Recent drought years have stressed hay production in Nebraska. As this season begins, dry soil the growing season may add to that stress.
Even if you receive average rainfall from now on through the growing season, your hay tonnage could be down 10%, 20%, says Bruce Anderson, University of Nebraska-Lincoln forage specialist.
"Maximizing tonnage from every inch of rain your alfalfa hay fields receive this year may be necessary," he says. "Unfortunately, alfalfa uses quite a bit of water for each ton of hay, especially as temperatures rise. So it is critical to get as much tonnage out of first cutting as possible, before summer heat sets in.
One way to boost first cutting hay yield from older, thinner alfalfa stands is to drill oats right now into those alfalfa stands. Try to get the seed about one inch deep. Oats will use spring moisture very efficiently to add tonnage to your first cutting.
Drill one to two bushels of oats per acre directly into your existing alfalfa stand as soon as possible, Anderson says. "Where alfalfa is thick, you may not get much but in thin spots the oats should fill in rapidly. Cut the hay a little later than usual to get the most yield benefit from this oat addition."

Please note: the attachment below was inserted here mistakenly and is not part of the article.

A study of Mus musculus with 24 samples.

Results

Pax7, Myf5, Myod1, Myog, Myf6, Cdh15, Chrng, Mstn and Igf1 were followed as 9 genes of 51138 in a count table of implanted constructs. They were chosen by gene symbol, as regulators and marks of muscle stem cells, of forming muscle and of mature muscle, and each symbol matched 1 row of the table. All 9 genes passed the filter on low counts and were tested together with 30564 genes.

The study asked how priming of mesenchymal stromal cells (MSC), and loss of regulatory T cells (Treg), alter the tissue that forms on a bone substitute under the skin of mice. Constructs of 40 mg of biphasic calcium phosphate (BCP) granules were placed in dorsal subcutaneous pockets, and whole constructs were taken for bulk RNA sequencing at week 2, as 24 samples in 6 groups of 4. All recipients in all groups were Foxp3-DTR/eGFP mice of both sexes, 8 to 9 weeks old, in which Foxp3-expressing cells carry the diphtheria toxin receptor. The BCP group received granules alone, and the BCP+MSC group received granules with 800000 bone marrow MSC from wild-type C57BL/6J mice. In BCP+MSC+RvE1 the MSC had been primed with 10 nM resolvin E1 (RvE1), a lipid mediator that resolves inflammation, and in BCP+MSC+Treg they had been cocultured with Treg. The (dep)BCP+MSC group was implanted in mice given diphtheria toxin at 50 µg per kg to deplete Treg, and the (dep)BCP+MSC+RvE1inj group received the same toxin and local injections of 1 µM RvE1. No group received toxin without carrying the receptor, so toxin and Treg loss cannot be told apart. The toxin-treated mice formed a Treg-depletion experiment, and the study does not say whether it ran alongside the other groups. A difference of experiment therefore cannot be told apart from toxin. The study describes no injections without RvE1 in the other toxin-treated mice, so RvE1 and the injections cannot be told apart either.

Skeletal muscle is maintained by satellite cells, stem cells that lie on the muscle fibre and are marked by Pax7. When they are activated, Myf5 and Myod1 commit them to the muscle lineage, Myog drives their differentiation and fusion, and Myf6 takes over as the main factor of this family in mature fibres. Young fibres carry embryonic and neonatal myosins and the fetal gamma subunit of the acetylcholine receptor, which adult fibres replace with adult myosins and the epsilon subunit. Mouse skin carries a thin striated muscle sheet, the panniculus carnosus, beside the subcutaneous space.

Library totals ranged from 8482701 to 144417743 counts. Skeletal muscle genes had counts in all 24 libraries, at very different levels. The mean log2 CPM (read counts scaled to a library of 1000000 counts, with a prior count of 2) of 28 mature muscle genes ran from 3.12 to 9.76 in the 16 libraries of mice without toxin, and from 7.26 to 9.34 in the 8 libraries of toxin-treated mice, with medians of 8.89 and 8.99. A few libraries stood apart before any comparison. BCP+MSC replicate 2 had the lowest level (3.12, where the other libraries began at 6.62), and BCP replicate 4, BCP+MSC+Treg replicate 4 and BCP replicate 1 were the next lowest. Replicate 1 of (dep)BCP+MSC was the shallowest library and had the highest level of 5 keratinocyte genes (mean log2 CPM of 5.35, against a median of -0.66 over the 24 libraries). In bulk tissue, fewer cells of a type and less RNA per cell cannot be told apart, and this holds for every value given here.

Getting the most out of each inch of moisture will be especially important this year. Using oats is one way to do it.
Anderson also suggests considering pre-irrigation on alfalfa stands. "With low soil moisture levels in many areas, now might be a good time to start," he says.
While it seems silly to irrigate alfalfa before first cutting, but look at your soil moisture profile. "If it's dry, you may need to irrigate. In fact, early spring often is the best time to irrigate alfalfa. After all, it's about the only time you can actually build a reserve water source for summer use."
The biggest advantage of reserve water comes after each mid-summer cutting. Alfalfa can develop roots more than eight feet deep. But it will only do this when surface moisture does not meet crop needs and moisture is available all the way down to those depths.
If you have deep roots and deep reserve moisture, though, it will make your summer irrigating much easier by providing extra moisture when plants use as much as half an inch per day. Unfortunately, typical shallow watering during summer encourages only shallow rooting.
Shallow summer watering causes other problems, he warns. Alfalfa roots need oxygen in the soil if plants are to regrow rapidly. Watering right after cutting suffocates roots, slowing regrowth. Immediate watering also stimulates shallow rooted or sprouting weeds, especially at a time when alfalfa plants are not very competitive, he says.
Both problems are reduced when reserve water is available for use by deep alfalfa roots. Then the top several inches of soil can remain dry for a couple days until alfalfa regrowth is well underway.